President Carter's dilemma in limiting damage of the Andrew Young affair was revealed when he rejected advice from Jewish leaders to depict Young's departure from the U.N. as "an act of his own volition," not the result of Israeli or Jewish pressures.
The advice came from several sources, including a confidential memo to Carter from Stuart Eizenstat, the president's chief domestic aide. It was rejected by the president essentially because he cannot staunch the loss of Jewish support resulting from his bold Mideast policies without losing black support. Having been led to expect their advice would be followed, the Jewish leaders were aghast when the language was omitted from Carter's Aug. 30 speech in Atlanta.
At stake is whether the Andrew Young affair, both his firing and events leading up to it, will cost Carter unacceptable losses of Jewish or black votes in 1980. In 1976, if the strongly pro-Carter Jewish vote had split evenly in five key states, Gerald Ford would have had an electoral college landslide. Without his 95 percent of the black vote, Carter would have lost the South -- and the election.
Eizenstat's memo went to the president two days before his Aug. 30 speech at Emory Univeristy in Young's hometown of Atlanta. Eizenstat was backed by Edward Sanders, chief adviser on Jewish affairs inside the Carter administration.
His memo was based on pleas that had been feeding into the White House from top Jewish leaders across the country ever since Young's ouster. They warned that black fury over Young's ouster was exploding in a way that threatened a dangerous outbreak of anti-Semitism. The Jewish community felt it was being made the scapegoat of the Young affair, with the Carter administration in complicity. So, Jewish leaders wanted the president to make clear that Young was the victim of his own conduct.
Carter was advised to tell his Emory University audience that neither Israel nor American Jews caused Young's "resignation"; that Young had wanted more freedom to speak out on his own without official restraints (a bit hard to swallow considering Young's unlicensed verbosity); that he left the U.N., as one presidential aide put it, "as an act of his own volition" (also less than credible, since Secretary of State Cyrus Vance demanded Young's head).
Even if what Carter was urged to say at Emory was not exactly accurate, liberties with the truth are unavoidable in any damage-limiting operation. Besides, the reason for young's departure really was Vance's refusal to retain an official who had not told him the whole truth about his meeting with the Palestine Liberation Organization delegate.
Consequently, Carter's rejection of the advice of two inside advisers (including the highly regarded Eizenstat) and outside Jewish leaders resulted probably less from regard for the truth than from his concern over further alienation of the black vote. "My feeling was very strong that anything the president said, no matter how carefully he said it, would risk worsening the situation, not helping it," confided one White House aide who disagreed with Eizenstat.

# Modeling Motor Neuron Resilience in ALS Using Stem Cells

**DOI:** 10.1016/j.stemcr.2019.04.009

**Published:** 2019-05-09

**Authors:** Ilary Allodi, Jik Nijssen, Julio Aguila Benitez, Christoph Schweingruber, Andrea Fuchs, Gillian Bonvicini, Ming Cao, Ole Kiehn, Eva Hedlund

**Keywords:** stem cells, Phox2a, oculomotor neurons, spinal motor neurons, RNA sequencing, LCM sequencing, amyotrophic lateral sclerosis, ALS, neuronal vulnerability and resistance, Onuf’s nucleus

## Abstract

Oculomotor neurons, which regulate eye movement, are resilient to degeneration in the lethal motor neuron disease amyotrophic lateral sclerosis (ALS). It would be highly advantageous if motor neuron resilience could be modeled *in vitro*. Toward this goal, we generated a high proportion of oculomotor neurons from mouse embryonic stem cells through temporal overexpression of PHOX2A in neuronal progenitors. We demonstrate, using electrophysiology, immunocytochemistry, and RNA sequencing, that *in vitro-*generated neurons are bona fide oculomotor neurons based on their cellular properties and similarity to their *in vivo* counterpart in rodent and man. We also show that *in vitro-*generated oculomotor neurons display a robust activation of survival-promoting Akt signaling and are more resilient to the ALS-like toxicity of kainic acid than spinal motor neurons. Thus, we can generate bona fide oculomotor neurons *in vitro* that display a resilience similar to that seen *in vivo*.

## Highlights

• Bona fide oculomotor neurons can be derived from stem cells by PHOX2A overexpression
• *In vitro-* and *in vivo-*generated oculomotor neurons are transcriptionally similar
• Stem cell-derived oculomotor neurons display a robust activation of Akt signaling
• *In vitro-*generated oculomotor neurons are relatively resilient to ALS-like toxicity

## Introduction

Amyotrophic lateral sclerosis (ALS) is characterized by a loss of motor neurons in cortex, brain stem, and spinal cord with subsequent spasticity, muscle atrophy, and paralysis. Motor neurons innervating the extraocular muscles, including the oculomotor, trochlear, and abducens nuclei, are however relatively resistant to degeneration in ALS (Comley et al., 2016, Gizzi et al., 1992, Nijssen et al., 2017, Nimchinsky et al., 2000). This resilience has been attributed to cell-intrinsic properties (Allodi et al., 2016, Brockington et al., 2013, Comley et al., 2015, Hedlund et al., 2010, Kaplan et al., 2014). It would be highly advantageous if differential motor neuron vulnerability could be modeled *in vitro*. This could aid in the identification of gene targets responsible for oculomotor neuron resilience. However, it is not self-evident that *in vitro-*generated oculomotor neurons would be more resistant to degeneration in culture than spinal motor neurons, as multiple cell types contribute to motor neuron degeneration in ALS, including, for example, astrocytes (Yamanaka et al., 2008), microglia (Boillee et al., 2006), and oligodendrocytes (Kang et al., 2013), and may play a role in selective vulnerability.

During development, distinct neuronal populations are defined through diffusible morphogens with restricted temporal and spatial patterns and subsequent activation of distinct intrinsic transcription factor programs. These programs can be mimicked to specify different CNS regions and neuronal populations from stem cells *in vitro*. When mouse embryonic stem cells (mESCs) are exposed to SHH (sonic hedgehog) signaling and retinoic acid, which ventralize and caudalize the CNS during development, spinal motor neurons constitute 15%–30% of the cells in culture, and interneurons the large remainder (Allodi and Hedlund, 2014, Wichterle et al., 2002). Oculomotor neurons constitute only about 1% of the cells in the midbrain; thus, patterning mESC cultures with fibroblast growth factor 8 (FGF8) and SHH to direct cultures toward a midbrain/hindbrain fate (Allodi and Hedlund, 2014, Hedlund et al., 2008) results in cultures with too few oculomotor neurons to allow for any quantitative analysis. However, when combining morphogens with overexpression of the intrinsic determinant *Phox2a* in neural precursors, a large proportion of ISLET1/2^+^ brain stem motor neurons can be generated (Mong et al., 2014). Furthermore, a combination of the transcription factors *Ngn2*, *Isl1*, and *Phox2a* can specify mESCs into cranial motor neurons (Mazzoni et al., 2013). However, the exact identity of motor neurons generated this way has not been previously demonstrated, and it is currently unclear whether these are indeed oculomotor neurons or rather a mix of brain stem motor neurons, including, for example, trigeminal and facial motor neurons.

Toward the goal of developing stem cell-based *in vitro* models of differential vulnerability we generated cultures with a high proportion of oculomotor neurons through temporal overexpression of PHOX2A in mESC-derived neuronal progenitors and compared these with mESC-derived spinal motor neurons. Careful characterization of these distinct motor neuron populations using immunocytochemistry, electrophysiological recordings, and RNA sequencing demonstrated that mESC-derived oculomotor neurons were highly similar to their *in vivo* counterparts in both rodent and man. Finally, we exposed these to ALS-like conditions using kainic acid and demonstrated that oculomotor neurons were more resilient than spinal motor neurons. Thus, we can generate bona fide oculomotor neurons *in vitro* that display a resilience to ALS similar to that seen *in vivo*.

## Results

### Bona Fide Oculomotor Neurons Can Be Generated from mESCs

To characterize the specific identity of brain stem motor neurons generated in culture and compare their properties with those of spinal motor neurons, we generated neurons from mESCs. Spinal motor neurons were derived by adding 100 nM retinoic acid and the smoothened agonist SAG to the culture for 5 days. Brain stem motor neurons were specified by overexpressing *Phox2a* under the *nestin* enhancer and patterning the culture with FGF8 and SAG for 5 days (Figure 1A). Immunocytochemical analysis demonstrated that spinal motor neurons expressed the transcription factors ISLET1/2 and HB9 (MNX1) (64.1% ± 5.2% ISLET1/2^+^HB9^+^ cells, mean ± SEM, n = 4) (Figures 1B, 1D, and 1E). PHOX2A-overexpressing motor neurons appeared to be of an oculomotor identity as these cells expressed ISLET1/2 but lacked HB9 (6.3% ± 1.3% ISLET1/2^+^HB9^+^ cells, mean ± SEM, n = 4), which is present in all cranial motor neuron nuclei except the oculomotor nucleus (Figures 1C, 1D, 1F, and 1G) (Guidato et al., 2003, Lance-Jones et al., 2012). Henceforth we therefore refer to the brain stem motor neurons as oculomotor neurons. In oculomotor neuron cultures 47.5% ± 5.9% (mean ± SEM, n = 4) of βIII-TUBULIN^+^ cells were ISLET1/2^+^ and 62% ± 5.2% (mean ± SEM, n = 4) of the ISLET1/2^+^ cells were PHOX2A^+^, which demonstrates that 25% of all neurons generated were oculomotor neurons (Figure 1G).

For one thing, putting the blame wholly on Young would not please black political leaders. For another, they would not believe it. They had read both headlines and fine print of Jewish demands for Young's ouster. The whole first page of the Aug. 16 issue of the authoritative Jewish Telegraphic Agency's daily news bulletin was devoted to such demands.
"Only the dismissal of Ambassador Young can restore confidence in your administration," Rabbi Joseph Sternstein, president of the American Zionist Federation, wired Carter. Bertram Gold, executive vice president of the American Jewish Committee, issued a statement that if Young "indeed did talk with the PLO on his own, he should be fired."
Such heat-of-the-moment demands played no part in Vance's refusal to keep Young at the U.N. But for the president to exonerate both Israel and anti-Young Jewish leaders would risk a new political storm against him by the blacks. Unfortunately for Carter, however, word had leaked to Jewish leaders that at Emory University he would do just that.
His speech was eloquent, warning that "different political views . . . must not become the occasion for deep and damaging divisions between groups of citizens in our society." But it contained no word to calm black suspicions. "I was sure the president would get the blame off our backs," a foremost Jewish leader told us. "But he must have decided he could not risk the political backlash of the blacks."
In truth, there is no easy way for the president to reconcile Jewish and black interests in the emotionalized issue of Palestinians v. Israel. He is trapped in political currents beyond his control that threaten Mideast policy, his own reelection and national civility.